When I had my first baby, we were new to the neighborhood. Luckily, it had a local list-serve — mostly people trying to unload Ikea bookcases or seeking recommendations for podiatrists — but through it I found a Google group for families with kids born around the same time as our baby. Since none of my friends with kids lived in other states, this mom squad was a lifeline, mostly because I was able to say things moms can only say to other moms. I mean, you wouldn't think it, but motherhood get lonely and, well, I needed a group of women who understood the way only other mothers can.

While I visited every possible website to read up on what to expect from my then newborn, I couldn’t help but feel like a stranger in a new life I had just started. In this local baby group I could relate to all the moms, share my experiences and seek advice from parents whose babies were growing up in the same world as mine. We gathered for playdates — more for the moms than for the infants — and met in the playground, hungry for adult interaction while we pushed our toddlers in sync on the swings. It didn't take me long to realize that, as my daughter grew and was later joined by a brother, I had so much more to say to my mom friends than anyone else. I still cherished my childless friends and I missed them a lot, to be sure, but my parenting routines organically brought me in more contact with other moms, and less with the friends who weren’t building their days around kids’ nap schedules.

As much as I loved talking about things other than my kids (I was, after all, a fully formed person with interests and ambitions that fell outside the parenting spectrum), I loved the ease with which I could just fall into conversation with another mom. After all, there are some things you can only say to another mom, including the following:

"I’m Leaking"


Or, “You’re leaking. Here’s a tissue.” Other moms get it (especially if they've breastfed for a significant amount of time) and are probably relieved that they’re not the only ones ruining their shirts on a regular basis.

"I Can’t Sneeze Without Peeing"


If you’ve had a baby, and aren’t doing 500 Kegel’s a day, this is your life. Honestly, it would be a little awkward to tell someone who doesn't understand, that you've peed your pants. For us moms, though, it's just another day in the postpartum life of a parent.

"It’s So Nice To Have Another Mom Here"


When I was pregnant with my first, a co-worker (who had two young children) expressed how excited she was to have another mom in our department. Until my daughter was born, she was the only one on the team who was a working parent. Needless to say, we bonded, as it was so terrific for both of us to have someone nearby who really understood the juggle.

"They're A Great Parenting Partner, But..."


When you've experienced pregnancy, labor and delivery, there is only so much empathy they can have for someone who hasn't, but is simultaneously responsible for the same life you are. Sometimes, we need to vent. Mother seem to understand best that when we're complaining about our parenting partners, it's not because we loathe them or even that they're failing in some spectacular way; we just need to let out our frustrations without causing a major rift at home.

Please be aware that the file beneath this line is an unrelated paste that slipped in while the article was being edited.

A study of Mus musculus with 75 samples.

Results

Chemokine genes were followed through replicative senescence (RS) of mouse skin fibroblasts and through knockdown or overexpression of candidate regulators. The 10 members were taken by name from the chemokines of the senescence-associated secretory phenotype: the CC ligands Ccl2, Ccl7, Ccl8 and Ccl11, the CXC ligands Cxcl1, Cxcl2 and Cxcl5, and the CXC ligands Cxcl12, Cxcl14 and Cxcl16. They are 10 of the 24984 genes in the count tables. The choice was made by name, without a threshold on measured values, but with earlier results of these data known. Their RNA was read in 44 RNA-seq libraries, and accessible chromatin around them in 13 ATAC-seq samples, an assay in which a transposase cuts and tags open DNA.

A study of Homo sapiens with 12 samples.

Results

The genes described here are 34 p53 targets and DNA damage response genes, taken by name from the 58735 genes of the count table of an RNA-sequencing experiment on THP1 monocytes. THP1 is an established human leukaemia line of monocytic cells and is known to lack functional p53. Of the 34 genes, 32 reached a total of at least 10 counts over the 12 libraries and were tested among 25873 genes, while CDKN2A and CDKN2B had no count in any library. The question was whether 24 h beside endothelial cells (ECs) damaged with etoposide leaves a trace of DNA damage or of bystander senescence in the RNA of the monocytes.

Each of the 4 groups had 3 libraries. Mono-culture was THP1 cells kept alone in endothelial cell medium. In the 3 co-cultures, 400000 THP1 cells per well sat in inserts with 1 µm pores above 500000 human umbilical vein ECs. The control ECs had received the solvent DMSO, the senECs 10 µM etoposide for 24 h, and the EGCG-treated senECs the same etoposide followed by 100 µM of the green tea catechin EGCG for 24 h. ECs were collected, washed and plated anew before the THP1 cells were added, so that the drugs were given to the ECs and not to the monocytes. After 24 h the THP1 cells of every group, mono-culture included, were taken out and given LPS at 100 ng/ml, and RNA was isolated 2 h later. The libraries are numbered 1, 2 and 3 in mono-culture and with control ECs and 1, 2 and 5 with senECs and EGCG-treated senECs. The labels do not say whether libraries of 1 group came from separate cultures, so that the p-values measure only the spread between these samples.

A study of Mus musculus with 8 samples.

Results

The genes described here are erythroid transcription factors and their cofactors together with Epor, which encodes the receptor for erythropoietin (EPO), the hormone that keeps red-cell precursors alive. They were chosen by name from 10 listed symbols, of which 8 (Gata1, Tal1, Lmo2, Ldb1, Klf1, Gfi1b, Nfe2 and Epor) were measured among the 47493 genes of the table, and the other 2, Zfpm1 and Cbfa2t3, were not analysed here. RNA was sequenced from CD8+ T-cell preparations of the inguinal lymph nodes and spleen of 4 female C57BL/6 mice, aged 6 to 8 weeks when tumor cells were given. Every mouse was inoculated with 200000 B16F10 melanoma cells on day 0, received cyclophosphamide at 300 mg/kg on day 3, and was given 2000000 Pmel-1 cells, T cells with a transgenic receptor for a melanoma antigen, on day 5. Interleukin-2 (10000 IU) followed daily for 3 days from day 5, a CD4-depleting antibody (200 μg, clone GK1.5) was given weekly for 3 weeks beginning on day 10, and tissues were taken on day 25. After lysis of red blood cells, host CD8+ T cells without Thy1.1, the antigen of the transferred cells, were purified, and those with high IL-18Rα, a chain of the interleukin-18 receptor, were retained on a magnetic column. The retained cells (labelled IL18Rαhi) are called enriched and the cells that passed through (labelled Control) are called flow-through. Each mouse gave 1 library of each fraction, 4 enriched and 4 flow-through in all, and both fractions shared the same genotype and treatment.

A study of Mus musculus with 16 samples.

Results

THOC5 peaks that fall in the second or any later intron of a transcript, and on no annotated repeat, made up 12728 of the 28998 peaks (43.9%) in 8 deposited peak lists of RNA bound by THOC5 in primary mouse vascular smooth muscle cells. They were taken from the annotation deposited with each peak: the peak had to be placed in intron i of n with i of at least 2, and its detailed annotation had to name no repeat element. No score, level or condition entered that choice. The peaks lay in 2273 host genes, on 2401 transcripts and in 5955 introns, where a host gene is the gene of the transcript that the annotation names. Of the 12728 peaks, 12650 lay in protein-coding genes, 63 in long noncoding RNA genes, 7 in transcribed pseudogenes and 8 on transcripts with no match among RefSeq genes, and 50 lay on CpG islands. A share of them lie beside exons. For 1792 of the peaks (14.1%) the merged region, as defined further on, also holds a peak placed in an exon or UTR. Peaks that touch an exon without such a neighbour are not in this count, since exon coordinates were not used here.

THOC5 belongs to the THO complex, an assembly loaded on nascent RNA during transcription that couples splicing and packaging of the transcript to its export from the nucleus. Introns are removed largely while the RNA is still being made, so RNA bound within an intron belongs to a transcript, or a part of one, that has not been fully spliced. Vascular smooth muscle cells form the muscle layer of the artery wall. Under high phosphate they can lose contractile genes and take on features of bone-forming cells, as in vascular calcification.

"H-Cup. Seriously."


Other moms get that this is a curse, not a blessing. The grass isn't always greener. Big boobs aren't all they're cracked up to be. Trust us.

"Can You Hold Her A Second?"


I would never give my baby to a stranger I had met in the park, mere minutes ago, even just for a second so I could strap on my Ergo. Unless, of course, she was there with her kids.

"There Are No Nuts, Eggs, Soy, Milk, Or Wheat In These Cupcakes"


We want to know every single thing our kids may put in their mouths, so we’re always ready to recite the ingredients list to the other moms at a birthday party without them having to inquire. We got you, moms. We got you.

"What Does This Look/Smell/Feel Like To You?"


I’ve been spared a few trips to the pediatrician by simply asking for another mom’s opinion on weird things I would occasionally find on my kids.

“Oh, that’s roseola. She’s fine. Just give her acetaminophen for the fever.”

“Oh, that’s definitely eczema. My son gets it too. I’ll give you the name of the cream we use.”

“Yikes, is that ringworm? Definitely call the doctor.”

I never feel judged because every mom knows that what goes around, especially germs, comes around.

"Do You Think You’ll Have Another?"


It is nobody’s business, but other moms get a pass when they ask this very personal question (usually), because it’s a question we all need to answer for ourselves.

"I Want Another Baby, But I Don’t Want To Raise Another Child"


When I’m with another mom and we spot a newborn baby, we simultaneously melt. There is just something about that earliest time in a baby’s life — when you haven’t screwed anything up yet, as a parent — that makes us feel ridiculously hopeful. I will always happily volunteer to babysit an infant, but when it comes to adding a third child to our family, that’s a solid “nope.” Only another mom, who’s also “done,” feels me on that.